In a dichotomous system (e.g. MDs vs DOs), it can be hard to talk highly of one side without implying the other side is “lower.” I don’t want this blog post to read as a comparison between the two types of physicians, but rather my own interest in osteopathic medicine and some of the reasons why I appreciate this type of training.
There are two types of physicians in the United States: Allopathic physicians, referred to as MDs; and osteopathic physicians, who are called DOs. Although the more “classic” route is the allopathic (MD) one, both types of physicians exist in all specialties, have identical privileges, and train side-by-side after medical school. If this is the first time you’re learning about this, you might not even know which type of doctor your physician is. (Go check!)
Throughout the application process, I read about osteopathic (DO) medical training and it resonated with me. I learned about centering prevention, caring for the “whole patient,” and focusing on population health—all as part of the osteopathic philosophy. The DOs I spoke with were great and took pride in the way they practiced medicine. One mentioned that he values the nontraditional route because, “why would you want to do what everybody else does?”
Let me be clear and say: I don’t know which training is “better.” Cases could be made that one type of training is better or worse, different or the same. It depends who you talk to and what their goals and interests are. Any medical school training in the current system is difficult, demanding, and time-consuming (“soul-sucking” is a phrase that comes up a lot). But within this system, I am beyond grateful I’m on this route.
Here are three reasons why I’m excited about being a DO:
First, you get hands-on training from the jump. The primary curricular difference between the two paths is that DOs are trained in what is called osteopathic manipulative medicine. It is a way to assess, diagnose, and treat a patient through the use of hands-on techniques (similar, in a way, to physical therapy). Patients love it.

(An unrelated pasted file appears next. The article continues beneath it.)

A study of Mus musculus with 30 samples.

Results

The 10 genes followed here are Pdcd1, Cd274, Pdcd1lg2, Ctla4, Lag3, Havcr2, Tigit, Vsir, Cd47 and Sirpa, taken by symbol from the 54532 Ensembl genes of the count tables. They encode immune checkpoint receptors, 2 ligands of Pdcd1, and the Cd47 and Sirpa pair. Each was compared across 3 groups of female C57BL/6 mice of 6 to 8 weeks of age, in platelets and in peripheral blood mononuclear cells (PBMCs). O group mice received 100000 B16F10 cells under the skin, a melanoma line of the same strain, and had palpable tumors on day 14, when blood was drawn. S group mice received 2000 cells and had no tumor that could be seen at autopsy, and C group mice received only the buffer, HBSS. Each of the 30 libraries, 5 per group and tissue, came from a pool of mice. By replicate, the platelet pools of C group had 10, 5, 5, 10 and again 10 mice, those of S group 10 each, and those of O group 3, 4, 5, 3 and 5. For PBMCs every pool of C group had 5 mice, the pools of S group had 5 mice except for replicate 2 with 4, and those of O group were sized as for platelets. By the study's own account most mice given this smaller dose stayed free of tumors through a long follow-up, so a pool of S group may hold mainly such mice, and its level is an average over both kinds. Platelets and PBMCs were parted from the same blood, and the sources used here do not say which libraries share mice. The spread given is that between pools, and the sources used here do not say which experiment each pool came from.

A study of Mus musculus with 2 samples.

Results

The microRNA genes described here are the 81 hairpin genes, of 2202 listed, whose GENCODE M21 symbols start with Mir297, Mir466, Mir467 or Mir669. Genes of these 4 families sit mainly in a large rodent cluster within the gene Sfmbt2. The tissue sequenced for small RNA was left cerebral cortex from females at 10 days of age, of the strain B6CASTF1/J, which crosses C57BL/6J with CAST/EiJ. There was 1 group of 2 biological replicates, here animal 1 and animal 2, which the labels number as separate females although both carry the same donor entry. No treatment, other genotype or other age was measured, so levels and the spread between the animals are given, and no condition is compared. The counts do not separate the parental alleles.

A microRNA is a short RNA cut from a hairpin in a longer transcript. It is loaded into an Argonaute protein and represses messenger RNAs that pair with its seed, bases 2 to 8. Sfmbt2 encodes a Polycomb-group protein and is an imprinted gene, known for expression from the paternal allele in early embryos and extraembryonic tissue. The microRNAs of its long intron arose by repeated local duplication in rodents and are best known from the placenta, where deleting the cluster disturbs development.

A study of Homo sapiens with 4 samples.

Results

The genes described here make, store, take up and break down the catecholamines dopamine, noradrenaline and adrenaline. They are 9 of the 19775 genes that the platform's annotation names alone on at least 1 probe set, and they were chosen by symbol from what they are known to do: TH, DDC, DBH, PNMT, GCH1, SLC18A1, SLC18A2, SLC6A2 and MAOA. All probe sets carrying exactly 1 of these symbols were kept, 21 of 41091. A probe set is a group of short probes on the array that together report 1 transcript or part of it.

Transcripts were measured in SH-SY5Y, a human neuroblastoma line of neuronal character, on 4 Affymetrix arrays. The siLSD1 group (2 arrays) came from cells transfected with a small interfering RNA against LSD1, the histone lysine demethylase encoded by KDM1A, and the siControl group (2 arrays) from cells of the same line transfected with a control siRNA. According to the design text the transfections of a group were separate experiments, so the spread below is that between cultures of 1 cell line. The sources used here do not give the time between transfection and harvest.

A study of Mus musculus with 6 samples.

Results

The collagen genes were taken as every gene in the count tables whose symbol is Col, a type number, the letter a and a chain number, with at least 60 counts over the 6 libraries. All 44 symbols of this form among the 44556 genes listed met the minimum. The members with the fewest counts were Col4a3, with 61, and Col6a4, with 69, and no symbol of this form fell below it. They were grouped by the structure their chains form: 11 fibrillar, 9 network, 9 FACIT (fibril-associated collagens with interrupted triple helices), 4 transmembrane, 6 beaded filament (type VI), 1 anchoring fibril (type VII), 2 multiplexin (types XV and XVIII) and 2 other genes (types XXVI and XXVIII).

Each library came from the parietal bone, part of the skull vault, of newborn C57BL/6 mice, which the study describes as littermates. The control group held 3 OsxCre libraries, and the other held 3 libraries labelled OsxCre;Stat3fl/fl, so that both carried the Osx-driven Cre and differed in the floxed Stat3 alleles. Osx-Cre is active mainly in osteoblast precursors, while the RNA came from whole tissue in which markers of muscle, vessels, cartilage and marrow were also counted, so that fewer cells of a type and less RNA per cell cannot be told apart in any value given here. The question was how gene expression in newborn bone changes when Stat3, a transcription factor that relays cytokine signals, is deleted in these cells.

Imagine if you went to your doctor’s office not feeling well. You felt “off,” but they couldn’t find anything necessarily wrong with you. Rather than prescribe something you don’t need or apologize because there’s nothing clinical to be done, DOs have an extra tool in their pocket: OMM.
It is fun to learn, too. It’s active and engaging, and we grow comfortable in touching another person’s body respectfully. On the first day of OMM lab we palpated each other’s pubic tubercle. Needless to say, it was a quick initiation into a new comfort zone.
Second, I value the population-centered approach to care that is embedded within the osteopathic philosophy. As much as possible, there is an emphasis on prevention and lifestyle education. This is extremely valuable in a nation where lifestyle-related diseases are causing more harm and killing more people than ever before. As I’ve said in some of my other content, primary care reform is THE needed change in our healthcare system; and with just over half of all DO graduates going into primary care, we will have a crucial role to play in that transformation. I want to be part of this.
Finally, I really like my classmates. That makes me feel like I am in the right place. And maybe (probably) I’d like my classmates no matter where I ended up, and this is an obvious example of confirmation bias, but that’s alright. My classmates make me appreciate osteopathic medicine. They are politically active and aware, they care about prevention, they took nontraditional routes before ending up in medicine— they have stories to tell. My theory is that since osteopathic medicine is the more non-traditional route to becoming a physician, it selects for more non-traditional people. And I value that very much.